Why divorcing federal employees need an RBCO

The division of retirement accounts is usually one of the most significant aspects of property division in divorce. Traditional retirement plans offered by private employers are typically divided between spouses using a qualified domestic relations order (QDRO) issued by the court.

If you and/or your spouse is a federal employee, you have a Thrift Savings Plan (TSP) instead. The order used to divide that is called a Retirement Benefits Court Order, or RBCO. 

Getting an RBCO early can protect your assets

An RBCO can be issued at any time during the divorce. However, it’s a good idea to get your RBCO in place as soon as possible as you begin divorce proceedings because it requires that the TSP be frozen. That means that the person who owns the account cannot make any withdrawals from it or take out any loans on it until the division of assets is decided.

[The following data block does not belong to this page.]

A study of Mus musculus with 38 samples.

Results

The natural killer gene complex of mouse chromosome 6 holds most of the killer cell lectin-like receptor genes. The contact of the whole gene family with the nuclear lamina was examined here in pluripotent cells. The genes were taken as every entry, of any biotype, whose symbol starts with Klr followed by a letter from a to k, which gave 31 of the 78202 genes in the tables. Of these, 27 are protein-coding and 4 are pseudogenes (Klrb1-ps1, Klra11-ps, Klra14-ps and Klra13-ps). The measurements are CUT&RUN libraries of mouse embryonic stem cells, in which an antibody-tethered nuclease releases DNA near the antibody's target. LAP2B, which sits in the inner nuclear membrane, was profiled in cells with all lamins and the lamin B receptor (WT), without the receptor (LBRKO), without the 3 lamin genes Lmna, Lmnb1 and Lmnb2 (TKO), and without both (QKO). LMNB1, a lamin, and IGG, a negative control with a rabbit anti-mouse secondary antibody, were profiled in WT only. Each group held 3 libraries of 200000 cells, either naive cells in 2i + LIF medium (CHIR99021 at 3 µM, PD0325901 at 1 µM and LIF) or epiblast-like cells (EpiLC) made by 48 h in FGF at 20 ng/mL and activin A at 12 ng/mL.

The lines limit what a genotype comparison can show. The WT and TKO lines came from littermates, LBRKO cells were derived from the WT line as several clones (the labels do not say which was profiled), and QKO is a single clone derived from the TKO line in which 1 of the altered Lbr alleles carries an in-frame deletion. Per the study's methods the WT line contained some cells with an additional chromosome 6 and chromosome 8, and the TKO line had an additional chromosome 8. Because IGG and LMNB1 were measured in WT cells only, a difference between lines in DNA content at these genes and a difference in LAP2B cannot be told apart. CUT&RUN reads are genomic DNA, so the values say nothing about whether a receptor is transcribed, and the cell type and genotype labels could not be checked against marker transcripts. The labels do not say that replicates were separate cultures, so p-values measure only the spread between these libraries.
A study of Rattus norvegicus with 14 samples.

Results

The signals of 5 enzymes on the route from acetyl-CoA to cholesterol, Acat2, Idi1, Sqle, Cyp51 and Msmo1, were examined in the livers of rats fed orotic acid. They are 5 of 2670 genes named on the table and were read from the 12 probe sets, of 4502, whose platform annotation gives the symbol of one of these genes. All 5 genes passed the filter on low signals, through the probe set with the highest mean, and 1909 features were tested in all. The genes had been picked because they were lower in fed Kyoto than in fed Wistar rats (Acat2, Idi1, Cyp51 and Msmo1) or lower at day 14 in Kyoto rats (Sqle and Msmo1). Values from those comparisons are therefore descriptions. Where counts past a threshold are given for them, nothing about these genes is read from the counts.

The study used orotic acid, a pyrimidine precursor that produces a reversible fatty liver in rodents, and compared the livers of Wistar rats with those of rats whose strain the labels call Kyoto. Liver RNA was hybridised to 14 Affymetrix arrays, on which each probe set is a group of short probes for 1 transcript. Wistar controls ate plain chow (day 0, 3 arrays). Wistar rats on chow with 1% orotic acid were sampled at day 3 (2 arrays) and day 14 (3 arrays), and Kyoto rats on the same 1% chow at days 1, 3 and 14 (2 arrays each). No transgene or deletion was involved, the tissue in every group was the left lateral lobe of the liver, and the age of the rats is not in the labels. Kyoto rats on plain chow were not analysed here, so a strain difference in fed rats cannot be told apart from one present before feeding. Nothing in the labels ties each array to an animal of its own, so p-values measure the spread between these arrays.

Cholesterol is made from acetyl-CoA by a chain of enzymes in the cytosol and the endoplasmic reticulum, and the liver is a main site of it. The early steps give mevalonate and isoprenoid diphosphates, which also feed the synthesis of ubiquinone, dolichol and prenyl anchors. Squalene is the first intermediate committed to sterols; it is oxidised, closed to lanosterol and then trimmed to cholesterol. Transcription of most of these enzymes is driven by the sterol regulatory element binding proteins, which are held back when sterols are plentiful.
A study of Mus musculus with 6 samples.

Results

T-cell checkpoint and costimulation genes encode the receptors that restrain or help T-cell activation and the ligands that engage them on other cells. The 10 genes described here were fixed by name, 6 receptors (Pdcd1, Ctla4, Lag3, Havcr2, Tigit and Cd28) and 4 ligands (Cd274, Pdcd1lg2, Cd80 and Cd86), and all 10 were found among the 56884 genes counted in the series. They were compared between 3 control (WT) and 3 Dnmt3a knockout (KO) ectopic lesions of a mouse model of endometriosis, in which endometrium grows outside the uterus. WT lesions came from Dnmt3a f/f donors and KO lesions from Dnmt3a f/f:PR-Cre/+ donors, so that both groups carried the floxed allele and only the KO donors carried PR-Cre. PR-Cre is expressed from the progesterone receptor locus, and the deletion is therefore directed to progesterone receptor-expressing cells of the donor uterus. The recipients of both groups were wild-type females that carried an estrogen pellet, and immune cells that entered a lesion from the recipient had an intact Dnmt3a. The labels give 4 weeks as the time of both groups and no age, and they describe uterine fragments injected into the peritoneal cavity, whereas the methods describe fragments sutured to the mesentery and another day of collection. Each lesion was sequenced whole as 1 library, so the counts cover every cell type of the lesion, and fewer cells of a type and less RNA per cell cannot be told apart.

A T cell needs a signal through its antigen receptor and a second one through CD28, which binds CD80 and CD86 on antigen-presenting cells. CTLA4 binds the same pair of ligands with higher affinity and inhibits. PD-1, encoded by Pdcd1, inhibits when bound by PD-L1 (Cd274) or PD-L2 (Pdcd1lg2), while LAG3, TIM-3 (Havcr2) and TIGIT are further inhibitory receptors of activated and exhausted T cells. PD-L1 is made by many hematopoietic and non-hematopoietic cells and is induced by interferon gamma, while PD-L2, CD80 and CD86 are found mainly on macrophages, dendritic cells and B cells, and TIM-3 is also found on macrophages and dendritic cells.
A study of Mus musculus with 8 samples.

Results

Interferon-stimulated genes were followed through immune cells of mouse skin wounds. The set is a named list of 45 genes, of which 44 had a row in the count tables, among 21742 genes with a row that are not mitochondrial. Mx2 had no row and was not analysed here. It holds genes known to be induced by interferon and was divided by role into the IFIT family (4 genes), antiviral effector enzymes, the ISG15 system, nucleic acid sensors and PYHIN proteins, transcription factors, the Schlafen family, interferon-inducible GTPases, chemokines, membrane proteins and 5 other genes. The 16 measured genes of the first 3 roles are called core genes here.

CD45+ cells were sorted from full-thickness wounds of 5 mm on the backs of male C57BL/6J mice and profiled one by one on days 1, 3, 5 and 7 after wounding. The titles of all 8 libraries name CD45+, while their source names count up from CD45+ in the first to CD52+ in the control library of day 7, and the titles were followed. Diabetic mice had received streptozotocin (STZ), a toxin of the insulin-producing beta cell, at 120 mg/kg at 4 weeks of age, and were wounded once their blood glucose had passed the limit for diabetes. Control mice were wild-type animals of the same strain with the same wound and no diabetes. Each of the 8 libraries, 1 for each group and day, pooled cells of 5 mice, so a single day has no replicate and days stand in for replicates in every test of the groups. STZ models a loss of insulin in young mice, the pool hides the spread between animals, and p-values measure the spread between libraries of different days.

You can still make contributions to your TSP and you need to continue to make payments on any loans you’ve taken out on your plan. If you have any outstanding loans on your TSP, the RBCO will include the amount of that loan.

Requirements for an RBCO

An RBCO must meet four basic requirements. These are the following:

  • It must be issued by a U.S. court.
  • It can include TSPs only and not any other government benefits.
  • Payments must be specifically detailed.
  • Payments can be designated only to former or current spouses or dependents.

As a federal employee or the spouse of a federal employee, this is just one aspect of your divorce that may require special handling, so to speak. That’s why it’s wise to learn about your rights and responsibilities and to ensure that you get a fair settlement. Experienced legal guidance is essential.